Protecting Yourself From ‘Competitive’ Former Employees
How can an employer protect its interests from the damage that might be caused by a former employee?
The starting point is that anything that attempts to prohibit or limit a person’s ability to earn an income is considered contrary to public policy and unenforceable unless it is no more than is reasonably necessary to protect the legitimate business interests of the employer.
Reasonable is assessed by reference to the length of time the purport to last, their width (in a geographical sense) and their object.
Each of these criteria should be looked at not only separately but also collectively to gauge their cumulative effect. So, for example, a restraint clause covering the whole of Australia might at first blush look unreasonable but when considered together with a relatively short period of time it covers, it may perhaps not be. It is up to an employer to show that the restraint it is trying to impose is not unreasonable. What is or is not reasonable will vary from case to case.
Post-employment restraints usually encompass attempts to prohibit or limit:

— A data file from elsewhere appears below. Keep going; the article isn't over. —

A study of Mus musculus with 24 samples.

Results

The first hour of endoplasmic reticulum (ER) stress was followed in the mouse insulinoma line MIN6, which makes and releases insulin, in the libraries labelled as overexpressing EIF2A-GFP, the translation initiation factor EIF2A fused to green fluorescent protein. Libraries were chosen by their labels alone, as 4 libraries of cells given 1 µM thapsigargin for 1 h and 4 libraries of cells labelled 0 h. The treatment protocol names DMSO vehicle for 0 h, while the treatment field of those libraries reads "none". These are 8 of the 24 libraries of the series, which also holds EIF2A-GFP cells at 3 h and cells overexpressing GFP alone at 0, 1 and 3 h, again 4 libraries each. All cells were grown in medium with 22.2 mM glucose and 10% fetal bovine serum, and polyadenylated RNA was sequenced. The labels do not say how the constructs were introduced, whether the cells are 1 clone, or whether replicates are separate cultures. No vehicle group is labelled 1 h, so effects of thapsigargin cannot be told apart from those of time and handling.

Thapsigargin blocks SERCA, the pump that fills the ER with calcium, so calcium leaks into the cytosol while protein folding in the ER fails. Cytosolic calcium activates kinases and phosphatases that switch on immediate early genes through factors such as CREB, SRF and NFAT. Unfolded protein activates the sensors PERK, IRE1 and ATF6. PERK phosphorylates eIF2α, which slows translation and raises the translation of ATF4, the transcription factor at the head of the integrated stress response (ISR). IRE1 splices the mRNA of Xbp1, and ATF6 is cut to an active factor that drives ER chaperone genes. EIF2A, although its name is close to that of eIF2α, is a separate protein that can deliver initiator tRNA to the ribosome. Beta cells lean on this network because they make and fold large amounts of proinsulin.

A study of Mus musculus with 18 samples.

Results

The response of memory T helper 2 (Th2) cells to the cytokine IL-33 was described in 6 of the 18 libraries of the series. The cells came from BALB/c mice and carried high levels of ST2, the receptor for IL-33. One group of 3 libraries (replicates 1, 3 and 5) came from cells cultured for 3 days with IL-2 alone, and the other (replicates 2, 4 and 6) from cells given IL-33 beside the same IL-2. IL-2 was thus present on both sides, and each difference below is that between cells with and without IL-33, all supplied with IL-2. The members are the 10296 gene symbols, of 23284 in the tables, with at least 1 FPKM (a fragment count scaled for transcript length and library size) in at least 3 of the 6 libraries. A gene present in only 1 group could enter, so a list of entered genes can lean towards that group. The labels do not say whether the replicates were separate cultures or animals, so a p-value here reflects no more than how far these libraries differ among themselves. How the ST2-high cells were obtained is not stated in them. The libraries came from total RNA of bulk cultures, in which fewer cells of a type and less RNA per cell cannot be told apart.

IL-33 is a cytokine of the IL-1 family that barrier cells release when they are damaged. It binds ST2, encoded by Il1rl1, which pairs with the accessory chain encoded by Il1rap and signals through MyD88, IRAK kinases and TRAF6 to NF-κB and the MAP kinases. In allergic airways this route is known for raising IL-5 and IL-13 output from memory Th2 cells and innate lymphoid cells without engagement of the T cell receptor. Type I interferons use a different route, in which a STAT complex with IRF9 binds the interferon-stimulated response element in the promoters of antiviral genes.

- Disclosure or use of trade secrets or confidential information;
- Poaching former co-workers;
- Poaching former clients or customers; and
- Competition with the former employer; e.g. by working for a direct competitor.
An employer cannot simply stop a former employee from competing. The courts won’t interfere to prevent an employee using skills or knowledge he or she has acquired in the course of his or her employment. However, a court may act to prevent a former employee from misusing confidential information or influence over a customer.
‘Confidential information’ falls into 3 main categories:
- Information that is so sensitive that the courts will protect it even if it is not expressly protected in a written employment agreement. Obvious examples of this might be the formula for Coca Cola or KFC’s 11 secret herbs and spices.
- Information which is commercially sensitive but less so than the first category. In such cases, the court will afford protection in circumstances where a valid and enforceable agreement including a provision to such effect, exists.
- Information that does not fall into either of the above categories and is unlikely to be protected under any circumstances.
Likewise, an employer cannot try to put a blanket restraint over post-employment dealings with anyone who might have happened to have been a client/customer at a time during the former employee’s employment, regardless of whether the former had any contact with them at all. Mere contact is not enough either; the relationship needs to have been of a continuing or recurring nature.